Real-world data should drive Self-Service strategies

Companies that want to drive the best possible results from electronic Self-Service channels should invest in the right tools to capture and analyse data.

August 29, 2013

Companies that want to drive the best possible results from electronic Self-Service channels such as the Web, mobile apps and kiosks should invest in the right tools to capture and analyse data about how customers are using these channels in real-life. So says Kevin Meltzer, Business Development Executive of EOH Consology. He says that many organisations are relying on gut feel and traditional research methodologies such as focus groups to shape the user interfaces and functionality of their Self-Service channels.

Since user behaviour can be tracked on these channels through the data footprints people leave behind, organisations should instead be turning to analytics engines to understand how users are interacting with their channels in the real-world. They can gather accurate data at each electronic touch point to track customers’ activity and behaviour, and then use business intelligence tools to understand the underlying trends.

Such data can be used to see where users abandon Self-Service processes, how many clicks it has taken to finish a task, the paths they have taken through the channel and much more, says Meltzer. This is all information that can be used to optimise Self-Service offerings to make them more convenient and easier to use, he adds. “You can save a lot of work by looking at where you customers are and what they’re really doing before you build, change or enhance a Self-Service platform,” says Meltzer.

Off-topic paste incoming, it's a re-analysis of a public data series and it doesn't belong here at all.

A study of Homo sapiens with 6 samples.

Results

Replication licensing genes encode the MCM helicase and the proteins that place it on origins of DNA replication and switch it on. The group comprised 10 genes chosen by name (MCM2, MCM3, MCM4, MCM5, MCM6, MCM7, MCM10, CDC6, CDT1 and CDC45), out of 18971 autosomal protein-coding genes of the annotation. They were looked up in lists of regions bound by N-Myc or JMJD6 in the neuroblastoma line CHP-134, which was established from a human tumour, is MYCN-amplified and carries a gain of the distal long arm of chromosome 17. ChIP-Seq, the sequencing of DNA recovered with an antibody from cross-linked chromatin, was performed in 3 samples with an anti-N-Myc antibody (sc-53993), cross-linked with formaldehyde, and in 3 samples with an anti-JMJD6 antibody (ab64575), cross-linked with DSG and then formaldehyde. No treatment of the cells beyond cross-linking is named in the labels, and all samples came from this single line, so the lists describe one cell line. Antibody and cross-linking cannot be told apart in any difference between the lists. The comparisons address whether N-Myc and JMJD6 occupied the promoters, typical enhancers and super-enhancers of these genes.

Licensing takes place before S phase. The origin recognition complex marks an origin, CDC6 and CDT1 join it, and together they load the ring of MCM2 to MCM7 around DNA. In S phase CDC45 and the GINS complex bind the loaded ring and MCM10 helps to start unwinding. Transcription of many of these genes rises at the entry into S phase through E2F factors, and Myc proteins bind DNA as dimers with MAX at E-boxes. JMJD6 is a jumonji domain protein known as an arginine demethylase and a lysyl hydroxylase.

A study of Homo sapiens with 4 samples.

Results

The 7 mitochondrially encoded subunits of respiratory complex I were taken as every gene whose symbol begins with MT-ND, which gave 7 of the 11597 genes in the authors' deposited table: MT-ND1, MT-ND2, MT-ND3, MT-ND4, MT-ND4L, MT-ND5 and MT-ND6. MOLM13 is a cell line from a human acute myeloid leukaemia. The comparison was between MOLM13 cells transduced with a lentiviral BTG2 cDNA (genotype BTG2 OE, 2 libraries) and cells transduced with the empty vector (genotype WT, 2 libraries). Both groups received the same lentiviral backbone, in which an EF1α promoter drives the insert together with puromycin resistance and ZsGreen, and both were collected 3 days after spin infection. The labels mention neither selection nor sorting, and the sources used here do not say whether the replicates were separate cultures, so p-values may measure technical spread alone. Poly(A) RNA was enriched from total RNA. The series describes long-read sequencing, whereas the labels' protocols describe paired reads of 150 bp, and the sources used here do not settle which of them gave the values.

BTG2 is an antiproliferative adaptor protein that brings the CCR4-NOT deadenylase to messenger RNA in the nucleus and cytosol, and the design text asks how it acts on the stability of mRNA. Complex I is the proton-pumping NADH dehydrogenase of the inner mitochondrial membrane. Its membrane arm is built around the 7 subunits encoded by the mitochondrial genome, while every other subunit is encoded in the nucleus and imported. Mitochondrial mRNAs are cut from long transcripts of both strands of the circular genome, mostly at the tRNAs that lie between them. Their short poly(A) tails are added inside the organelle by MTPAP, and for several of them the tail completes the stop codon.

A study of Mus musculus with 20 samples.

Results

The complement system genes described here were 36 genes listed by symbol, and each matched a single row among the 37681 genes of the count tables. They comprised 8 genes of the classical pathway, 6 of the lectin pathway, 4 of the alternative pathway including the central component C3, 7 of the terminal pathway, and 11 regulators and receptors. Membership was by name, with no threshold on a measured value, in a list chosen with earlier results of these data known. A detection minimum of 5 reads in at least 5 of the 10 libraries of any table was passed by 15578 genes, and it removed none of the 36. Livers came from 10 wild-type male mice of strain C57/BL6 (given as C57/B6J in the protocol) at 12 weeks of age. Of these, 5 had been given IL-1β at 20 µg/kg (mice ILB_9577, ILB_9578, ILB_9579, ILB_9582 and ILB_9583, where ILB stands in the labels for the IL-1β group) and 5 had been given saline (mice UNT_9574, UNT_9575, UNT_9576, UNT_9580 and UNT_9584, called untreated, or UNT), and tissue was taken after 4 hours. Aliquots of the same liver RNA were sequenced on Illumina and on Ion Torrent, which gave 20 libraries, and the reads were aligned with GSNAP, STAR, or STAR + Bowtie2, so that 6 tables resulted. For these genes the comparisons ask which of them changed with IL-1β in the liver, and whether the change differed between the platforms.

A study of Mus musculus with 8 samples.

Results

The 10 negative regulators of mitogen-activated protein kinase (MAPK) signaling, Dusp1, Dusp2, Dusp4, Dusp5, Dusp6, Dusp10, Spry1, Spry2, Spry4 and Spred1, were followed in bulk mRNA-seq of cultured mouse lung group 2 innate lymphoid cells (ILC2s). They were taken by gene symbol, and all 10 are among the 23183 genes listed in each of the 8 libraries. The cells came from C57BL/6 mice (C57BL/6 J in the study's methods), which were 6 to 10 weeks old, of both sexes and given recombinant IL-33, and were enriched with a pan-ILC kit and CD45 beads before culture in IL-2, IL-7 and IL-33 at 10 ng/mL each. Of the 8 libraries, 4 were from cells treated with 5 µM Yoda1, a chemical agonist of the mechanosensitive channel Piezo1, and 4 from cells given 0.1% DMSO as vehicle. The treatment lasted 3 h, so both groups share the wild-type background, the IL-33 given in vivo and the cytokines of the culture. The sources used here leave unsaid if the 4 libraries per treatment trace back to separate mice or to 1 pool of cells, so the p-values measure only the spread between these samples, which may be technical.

For example, one of the major challenges EOH Consology and its clients have encountered in implementation of Web-based Self-Service solutions is supporting the wide range of Internet browsers on the market, including legacy browsers such as Internet Explorer 7. Many companies are reluctant to implement cutting-edge features on their Self-Service Web properties because they are afraid of excluding end-users with older browsers.

The result is that companies can’t take advantage of enhancements – HTML5, CSS3 or Webkit, for example-supported by newer browsers. They end up creating Web sites that are not as easy-to-maintain, appealing and interactive as they could be. But by gathering data about the browsers customers use to access their sites, companies can make an informed call on whether to support older browsers or not.

Says Meltzer: “In many cases the numbers usually justify a decision to end support for old browsers so that all users can enjoy the optimisations and features newer browsers support. With the right support – placing a well-worded message advising users to upgrade to a standards-based browser like Chrome, Firefox or Internet Explorer 10 – such a transition can be managed reasonably smoothly. This is a perfect example of how stats and numbers should drive features and functionality of Self-Service channels.”